ZZ Top

London 612
Released: April 1972
Chart Peak: #104
Weeks Charted: 10

There are probably thousands of bands across the country like ZZ Top that remain provincial favorites because they rarely play anywhere further than a few hundred miles from home. So far, ZZ Top has confined major tours to its native Texas and neighboring states in the South and Southwest. This in part explains why few listeners outside these regions have heard or heard of ZZ Top, which is a shame, really, because its two records, First Album and Rio Grande Mud are solid works that deserve some attention.

ZZ Top - Rio Grande Mud
Original album advertising art.

ZZ Top sounds more like a British blues outfit than an American group. The band churns out sizzling electrical blues in a style not far removed from John Mayall's original Bluesbreakers and early Fleetwood Mac. In Rio Grande Mud's lone instrumental, "Apologies to Pearly," guitarist Gibbons quotes freely from Elmore James' "Dust My Broom" and Freddie King's "Stumble" in an arrangement that could easily fit onto A Hard Road. ZZ Top does not, however, limit its material to reworkings of previously recorded blues.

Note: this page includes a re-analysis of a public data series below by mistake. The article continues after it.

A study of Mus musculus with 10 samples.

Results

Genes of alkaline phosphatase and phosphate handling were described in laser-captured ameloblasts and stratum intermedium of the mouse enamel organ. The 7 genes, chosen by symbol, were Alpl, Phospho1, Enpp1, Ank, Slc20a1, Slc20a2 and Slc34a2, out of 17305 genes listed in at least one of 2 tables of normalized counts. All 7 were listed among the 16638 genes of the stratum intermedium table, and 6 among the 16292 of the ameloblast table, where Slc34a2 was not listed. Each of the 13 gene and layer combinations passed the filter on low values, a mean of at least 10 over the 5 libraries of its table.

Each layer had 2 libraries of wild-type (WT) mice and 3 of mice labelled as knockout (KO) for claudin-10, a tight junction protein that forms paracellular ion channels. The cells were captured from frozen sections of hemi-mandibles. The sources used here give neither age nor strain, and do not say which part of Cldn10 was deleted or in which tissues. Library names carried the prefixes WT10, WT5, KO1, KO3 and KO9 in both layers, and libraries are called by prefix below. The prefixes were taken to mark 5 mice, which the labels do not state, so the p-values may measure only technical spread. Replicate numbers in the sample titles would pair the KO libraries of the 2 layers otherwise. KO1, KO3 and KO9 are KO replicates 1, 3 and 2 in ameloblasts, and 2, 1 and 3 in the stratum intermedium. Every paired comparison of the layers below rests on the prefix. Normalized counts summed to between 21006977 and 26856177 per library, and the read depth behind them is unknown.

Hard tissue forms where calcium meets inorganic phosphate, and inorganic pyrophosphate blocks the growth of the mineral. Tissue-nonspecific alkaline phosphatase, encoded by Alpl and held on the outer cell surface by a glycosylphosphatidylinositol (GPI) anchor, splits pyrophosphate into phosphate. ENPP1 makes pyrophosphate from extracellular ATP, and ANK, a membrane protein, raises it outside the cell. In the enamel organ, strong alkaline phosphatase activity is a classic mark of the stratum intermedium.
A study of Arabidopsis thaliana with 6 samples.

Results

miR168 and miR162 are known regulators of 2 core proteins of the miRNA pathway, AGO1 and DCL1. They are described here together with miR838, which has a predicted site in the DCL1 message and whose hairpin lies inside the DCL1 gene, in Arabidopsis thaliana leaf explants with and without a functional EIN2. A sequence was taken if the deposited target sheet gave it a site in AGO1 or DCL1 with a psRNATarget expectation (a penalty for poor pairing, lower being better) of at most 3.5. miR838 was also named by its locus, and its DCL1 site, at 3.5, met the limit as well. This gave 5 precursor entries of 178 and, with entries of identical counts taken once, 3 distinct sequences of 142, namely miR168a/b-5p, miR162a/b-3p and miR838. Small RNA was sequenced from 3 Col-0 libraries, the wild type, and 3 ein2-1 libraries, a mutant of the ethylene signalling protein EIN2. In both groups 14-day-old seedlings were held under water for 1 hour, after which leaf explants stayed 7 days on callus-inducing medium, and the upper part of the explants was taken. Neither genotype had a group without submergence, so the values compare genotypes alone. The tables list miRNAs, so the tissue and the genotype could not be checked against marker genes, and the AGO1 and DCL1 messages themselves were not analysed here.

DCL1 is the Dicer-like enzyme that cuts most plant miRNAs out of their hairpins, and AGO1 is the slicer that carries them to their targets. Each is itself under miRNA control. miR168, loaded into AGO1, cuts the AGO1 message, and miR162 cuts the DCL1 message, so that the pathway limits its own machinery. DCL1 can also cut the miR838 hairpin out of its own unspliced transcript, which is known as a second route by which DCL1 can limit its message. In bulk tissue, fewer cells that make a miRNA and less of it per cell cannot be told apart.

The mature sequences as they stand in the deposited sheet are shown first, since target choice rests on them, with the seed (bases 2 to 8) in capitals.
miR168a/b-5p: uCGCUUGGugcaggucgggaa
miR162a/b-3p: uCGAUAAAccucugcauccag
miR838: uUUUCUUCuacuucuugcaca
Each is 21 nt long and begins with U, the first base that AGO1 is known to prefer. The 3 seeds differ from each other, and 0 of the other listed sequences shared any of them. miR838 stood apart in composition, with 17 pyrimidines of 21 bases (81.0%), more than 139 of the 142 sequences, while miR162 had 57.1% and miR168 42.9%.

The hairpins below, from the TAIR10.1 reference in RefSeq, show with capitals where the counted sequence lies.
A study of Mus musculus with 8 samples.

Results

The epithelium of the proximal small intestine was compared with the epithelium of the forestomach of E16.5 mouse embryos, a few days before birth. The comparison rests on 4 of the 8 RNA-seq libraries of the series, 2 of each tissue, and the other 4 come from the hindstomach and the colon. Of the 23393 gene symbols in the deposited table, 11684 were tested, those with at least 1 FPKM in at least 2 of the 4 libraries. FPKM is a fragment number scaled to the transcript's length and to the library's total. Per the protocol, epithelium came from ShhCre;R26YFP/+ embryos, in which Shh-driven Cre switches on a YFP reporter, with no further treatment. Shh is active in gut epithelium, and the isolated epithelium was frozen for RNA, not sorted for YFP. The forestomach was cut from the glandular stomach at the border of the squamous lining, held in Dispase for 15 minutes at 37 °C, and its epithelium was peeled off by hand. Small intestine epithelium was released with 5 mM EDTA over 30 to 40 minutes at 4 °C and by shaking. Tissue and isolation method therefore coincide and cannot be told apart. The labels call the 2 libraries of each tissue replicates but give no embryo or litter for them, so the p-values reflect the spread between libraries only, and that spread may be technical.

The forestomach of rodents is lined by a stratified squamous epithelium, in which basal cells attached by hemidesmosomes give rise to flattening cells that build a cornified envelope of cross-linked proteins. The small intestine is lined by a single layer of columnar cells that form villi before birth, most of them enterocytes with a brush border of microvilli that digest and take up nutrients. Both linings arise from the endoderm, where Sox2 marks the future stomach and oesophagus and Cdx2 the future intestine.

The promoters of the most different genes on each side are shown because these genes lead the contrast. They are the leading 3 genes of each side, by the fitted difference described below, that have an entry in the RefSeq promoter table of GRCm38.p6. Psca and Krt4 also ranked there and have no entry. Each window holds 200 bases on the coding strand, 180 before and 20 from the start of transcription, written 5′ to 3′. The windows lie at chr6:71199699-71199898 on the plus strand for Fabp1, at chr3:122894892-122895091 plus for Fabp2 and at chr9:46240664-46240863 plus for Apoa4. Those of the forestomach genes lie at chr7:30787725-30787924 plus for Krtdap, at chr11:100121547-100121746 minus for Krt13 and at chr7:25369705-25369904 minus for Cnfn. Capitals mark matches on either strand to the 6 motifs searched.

Nine of the record's ten selections were written by various members of the band ad five of those were coauthored with producer Bill Ham. As expected, ZZ Top emphasizes music over lyrics, which function principally as something to accompany instrumental arrangements. In "Just Got Paid," for example, Gibbons slurs through two short verses in an anomalous Johnny Winter-ish voice to quickly reach the bridge where he cuts loose with a torrid slide guitar solo. Bassist Hill sings lead for "Chevrolet" and "Francene," the band's current single, and does a nice job at that. Other especially good tracks include "Ko Ko Blue," "Bar-B-Q" and "Whiskey 'n Mama" -- spunky little rockers all.

With wider airplay and a little promotion, ZZ Top could, indeed, reach the top. Rio Grande Mud is a good album for people who enjoy uncompromising rock & roll at uncompromising volume. If the shoe fits, wear it.

- John Koegel, Rolling Stone, 7/20/72.

Bonus Review!

Rio Grande Mud possessed a beefier sound than its predecessor, ZZ Top's First Album. The "Brown Sugar"-style "Francene" became their first hit at number 69. Other highlights included "Chevrolet" and "Just Got Paid." * * *

- Rick Clark, The All-Music Guide to Rock, 1995.